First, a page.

Anafanya Kazi kwa Bidii

A friend of mine (different friend from the one in the prev blog, “Best Way to Eat Easter”) was one of the original youth who Tarime UMC worked with when they started their outreach for children and youth living on the streets (called Our Father’s House), in 2012. After a few months of getting to know him, the Church started to do family counseling so that he might return home, advised him to stop stealing phones and scrap metal, and tried to get him to return to school, even being ready to buy school uniforms. They made a little progress with him- he started living with his mother for short periods- but on the whole, he wasn’t interested. He kept stealing, and refused to return to school.

After a few years of this, the Our Father’s House staff saw that they were investing a lot of time in my friend, while ignoring other youth. Since he refused their help, they decided to focus on the other youth on the streets, who were headed down the same bleak path.

One day last November, five of the Our Father’s House youth started working with the brick business. On the next day though, only three of the five returned. I asked Mwita (Our Father’s House director at the time) what happened, and he told me that folks were telling them not to work there, because stealing scrap metal paid better. It turned out that one of the folks giving this advice was my friend.

We found two youth to take the place of those who had followed my friend’s advice, and they worked steadily until mid-March, when one of the youth, Marwa, injured his arm. Until Marwa healed, I wanted to give his spot to a young man who had asked earlier if he could join the project, but he was in jail. It was late, and to our surprise, my friend requested the spot. We gave him the job for one day, and told him we would find someone else tomorrow.

We were shocked when my friend worked harder than everyone else. Yusufu, the youth who had taken the role as supervisor, begged us to keep him on, at least until Marwa was healthy. We reluctantly agreed, and my friend kept up the same above-and-beyond performance (the title roughly means “He/she is working hard”).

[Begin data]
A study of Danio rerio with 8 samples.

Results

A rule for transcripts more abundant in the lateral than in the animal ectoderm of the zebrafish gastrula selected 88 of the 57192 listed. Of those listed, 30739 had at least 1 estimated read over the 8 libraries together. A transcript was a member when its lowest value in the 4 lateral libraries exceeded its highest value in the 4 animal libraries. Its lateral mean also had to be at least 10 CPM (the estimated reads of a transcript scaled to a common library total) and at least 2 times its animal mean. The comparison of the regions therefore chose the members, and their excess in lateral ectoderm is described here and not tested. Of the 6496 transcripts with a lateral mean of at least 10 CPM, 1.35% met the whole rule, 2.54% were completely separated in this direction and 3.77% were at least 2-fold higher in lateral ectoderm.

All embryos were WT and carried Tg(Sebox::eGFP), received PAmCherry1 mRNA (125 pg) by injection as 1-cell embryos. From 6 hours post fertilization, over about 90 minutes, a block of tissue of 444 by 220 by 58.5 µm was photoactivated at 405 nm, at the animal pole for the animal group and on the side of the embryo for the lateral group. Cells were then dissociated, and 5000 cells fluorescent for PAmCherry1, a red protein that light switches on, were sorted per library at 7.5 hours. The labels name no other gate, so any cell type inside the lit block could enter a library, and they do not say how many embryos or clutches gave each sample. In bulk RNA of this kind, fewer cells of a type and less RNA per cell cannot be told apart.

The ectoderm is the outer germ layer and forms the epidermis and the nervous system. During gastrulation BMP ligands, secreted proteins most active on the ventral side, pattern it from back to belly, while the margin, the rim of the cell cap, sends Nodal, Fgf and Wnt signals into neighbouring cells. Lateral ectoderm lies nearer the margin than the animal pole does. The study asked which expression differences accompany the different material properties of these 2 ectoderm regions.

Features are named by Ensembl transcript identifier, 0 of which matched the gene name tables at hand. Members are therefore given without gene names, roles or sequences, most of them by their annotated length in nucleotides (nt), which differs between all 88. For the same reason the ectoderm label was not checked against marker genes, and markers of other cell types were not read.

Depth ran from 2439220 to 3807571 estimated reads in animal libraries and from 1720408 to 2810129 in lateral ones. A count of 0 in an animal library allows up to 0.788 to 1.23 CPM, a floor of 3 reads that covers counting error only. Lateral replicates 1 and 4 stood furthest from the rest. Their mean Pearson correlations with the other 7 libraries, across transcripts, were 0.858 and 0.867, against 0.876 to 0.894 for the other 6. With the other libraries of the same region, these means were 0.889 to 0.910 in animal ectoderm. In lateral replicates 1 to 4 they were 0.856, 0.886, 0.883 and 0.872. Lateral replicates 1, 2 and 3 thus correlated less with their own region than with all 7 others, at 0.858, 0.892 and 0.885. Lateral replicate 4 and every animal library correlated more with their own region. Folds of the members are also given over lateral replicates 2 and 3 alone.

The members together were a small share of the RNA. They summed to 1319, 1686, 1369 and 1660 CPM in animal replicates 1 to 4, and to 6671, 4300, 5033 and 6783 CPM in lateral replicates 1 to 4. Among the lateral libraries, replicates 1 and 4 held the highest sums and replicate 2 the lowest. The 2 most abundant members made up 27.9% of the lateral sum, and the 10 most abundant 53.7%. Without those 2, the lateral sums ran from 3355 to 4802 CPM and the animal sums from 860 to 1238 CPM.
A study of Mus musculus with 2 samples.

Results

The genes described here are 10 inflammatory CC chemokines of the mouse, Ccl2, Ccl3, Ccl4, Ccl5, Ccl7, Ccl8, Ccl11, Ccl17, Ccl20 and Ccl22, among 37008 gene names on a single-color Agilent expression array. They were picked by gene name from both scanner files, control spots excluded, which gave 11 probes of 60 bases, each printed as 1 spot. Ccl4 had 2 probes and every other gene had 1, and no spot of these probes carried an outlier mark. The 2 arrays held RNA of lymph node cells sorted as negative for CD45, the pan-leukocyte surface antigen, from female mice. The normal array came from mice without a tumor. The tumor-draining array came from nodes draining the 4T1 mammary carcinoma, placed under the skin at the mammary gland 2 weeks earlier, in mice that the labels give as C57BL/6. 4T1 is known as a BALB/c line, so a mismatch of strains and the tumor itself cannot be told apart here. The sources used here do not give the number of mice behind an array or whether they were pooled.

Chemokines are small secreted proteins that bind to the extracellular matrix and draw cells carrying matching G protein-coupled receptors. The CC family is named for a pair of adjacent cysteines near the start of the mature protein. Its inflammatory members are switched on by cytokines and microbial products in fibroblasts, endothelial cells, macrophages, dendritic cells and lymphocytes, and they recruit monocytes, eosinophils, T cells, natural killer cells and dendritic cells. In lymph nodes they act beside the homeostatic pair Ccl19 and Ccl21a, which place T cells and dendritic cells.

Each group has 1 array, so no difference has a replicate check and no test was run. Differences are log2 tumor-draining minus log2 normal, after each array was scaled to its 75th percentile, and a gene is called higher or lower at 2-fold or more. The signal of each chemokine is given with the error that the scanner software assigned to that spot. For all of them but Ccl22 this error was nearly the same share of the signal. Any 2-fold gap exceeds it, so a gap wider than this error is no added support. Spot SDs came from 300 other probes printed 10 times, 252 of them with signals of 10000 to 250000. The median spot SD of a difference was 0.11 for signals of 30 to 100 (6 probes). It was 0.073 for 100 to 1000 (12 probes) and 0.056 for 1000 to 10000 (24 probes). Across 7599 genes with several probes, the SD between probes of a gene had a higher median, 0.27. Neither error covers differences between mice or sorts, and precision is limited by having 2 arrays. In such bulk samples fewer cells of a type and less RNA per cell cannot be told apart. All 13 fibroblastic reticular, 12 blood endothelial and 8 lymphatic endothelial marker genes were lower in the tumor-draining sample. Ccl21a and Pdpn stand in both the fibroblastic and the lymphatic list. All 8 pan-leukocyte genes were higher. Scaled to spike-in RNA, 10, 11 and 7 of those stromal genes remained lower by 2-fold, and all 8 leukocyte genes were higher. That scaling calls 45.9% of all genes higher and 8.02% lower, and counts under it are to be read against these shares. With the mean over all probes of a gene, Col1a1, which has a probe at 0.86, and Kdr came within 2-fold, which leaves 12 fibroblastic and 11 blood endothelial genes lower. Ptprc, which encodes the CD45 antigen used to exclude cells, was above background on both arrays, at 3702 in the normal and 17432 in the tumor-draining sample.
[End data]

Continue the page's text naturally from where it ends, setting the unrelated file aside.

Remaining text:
We still intended to ask him to leave the project once Marwa’s arm healed. One day, though, we needed the youth to help stack up the bricks they had made. They were supposed to be doing this all along and had neglected it, so they had to do it without pay. By this time, Marwa had healed, but he refused to help, as did all of the other youth- except Josef Marwa, and my friend. My friend worked at his usual intense pace, surprising us all.

On May 11th, Mwita and I held a meeting with the youth. We discussed several different things, and one of them was whether to keep my friend on. We all agreed that he was working incredibly hard, and proving to us that he wanted a job, instead of continuing with his scrap metal theft. We all agreed to give him a spot.

I don’t want to give you the impression that this is the end of a beautiful story. We have seen some of these young folks on the streets change for a time, and then return to the life they left. We have a long way to go with my friend, but this is encouraging news for now.


Finally, if anyone wants to sponsor one of these young folks as we either reunite them with a family, or to help them get a job and learn work skills through the brick project, you can let me know. Sponsorship is $40/month, and we could certainly do more and better work if we had more sponsors.